The B.C. Court of Appeal has ruled in favour of a North Vancouver documentary filmmaker in a court case launched against him by the Vancouver Aquarium.
On Wednesday, the appeal court issued a decision allowing filmmaker Gary Charbonneau and his company Evotion Films Inc. to put approximately five minutes of footage back into his documentary about whales and dolphins in captivity that a lower court judge had previously ordered taken out.
Charbonneau said he’s happy about the decision and is re-editing the film to include the 15 segments of footage, along with some new material relevant to the public debate.
“We knew we had the law on our side,” he said, describing the aquarium’s pursuit of him in the courts as a “bullying tactic.”
Charbonneau’s lawyer Arden Beddoes called the ruling this week an important decision for freedom of expression that will impact other people who want to criticize institutions.
“The court identified freedom of expression as a principle that matters in these circumstances,” he said.
Charbonneau created the low-budget documentary critical of the aquarium in 2015 and showed it publicly seven times, as well as posting it online on Vimeo and YouTube.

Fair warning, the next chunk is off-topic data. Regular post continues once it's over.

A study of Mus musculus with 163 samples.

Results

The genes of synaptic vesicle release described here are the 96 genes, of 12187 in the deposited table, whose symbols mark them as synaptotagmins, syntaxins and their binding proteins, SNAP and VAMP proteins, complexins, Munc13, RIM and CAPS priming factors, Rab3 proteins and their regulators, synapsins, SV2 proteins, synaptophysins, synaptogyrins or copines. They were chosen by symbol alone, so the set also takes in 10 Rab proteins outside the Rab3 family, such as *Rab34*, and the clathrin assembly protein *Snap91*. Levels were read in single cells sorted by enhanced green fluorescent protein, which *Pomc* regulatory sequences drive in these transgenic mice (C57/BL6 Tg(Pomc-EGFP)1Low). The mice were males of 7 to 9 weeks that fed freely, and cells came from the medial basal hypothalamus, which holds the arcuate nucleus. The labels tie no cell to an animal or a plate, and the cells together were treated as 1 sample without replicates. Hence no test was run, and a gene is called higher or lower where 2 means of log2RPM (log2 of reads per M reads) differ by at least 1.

In 2016, the Vancouver Aquarium launched a lawsuit against Charbonneau, claiming parts of the film violated copyright law by using material from the aquarium’s website without permission, along with video footage from a visit to the facility that he was forbidden to include.
Beddoes argued the filmmaker is exempt from the copyright restriction under part of the law that permits fair use for public and educational purposes.
Last spring, B.C. Supreme Court Justice Jeanne Watchuk granted an injunction, ordering Charbonneau to remove disputed segments of the one-hour film, on the grounds that not doing so could cause “irreparable harm” to the aquarium.
This week’s ruling essentially reversed that decision.
Writing for the appeal court, Justice Elizabeth Bennett said in the ruling there was “not a shred of evidence” to conclude that irreparable harm would result. The parts of the film that are most critical of the aquarium are not covered by the injunction, Bennett noted. “It is difficult to discern where any of the disputed segments of a derogatory nature,” she wrote.
The appeal court also held that freedom of expression, granted under the Canadian Charter of Rights and Freedoms, was an important issue in the case because “the film is part of a public dialogue and debate on the issue of whether cetaceans should be kept in captivity.”
Bennett wrote that upholding the injunction in the case would “silence criticism of the aquarium and potentially stifle public debate on a topic of great interest to the community.”
Charbonneau said the documentary has been viewed close to 50,000 times online.
The Vancouver Aquarium issued a statement saying it was “disappointed in the outcome of this week’s decision.”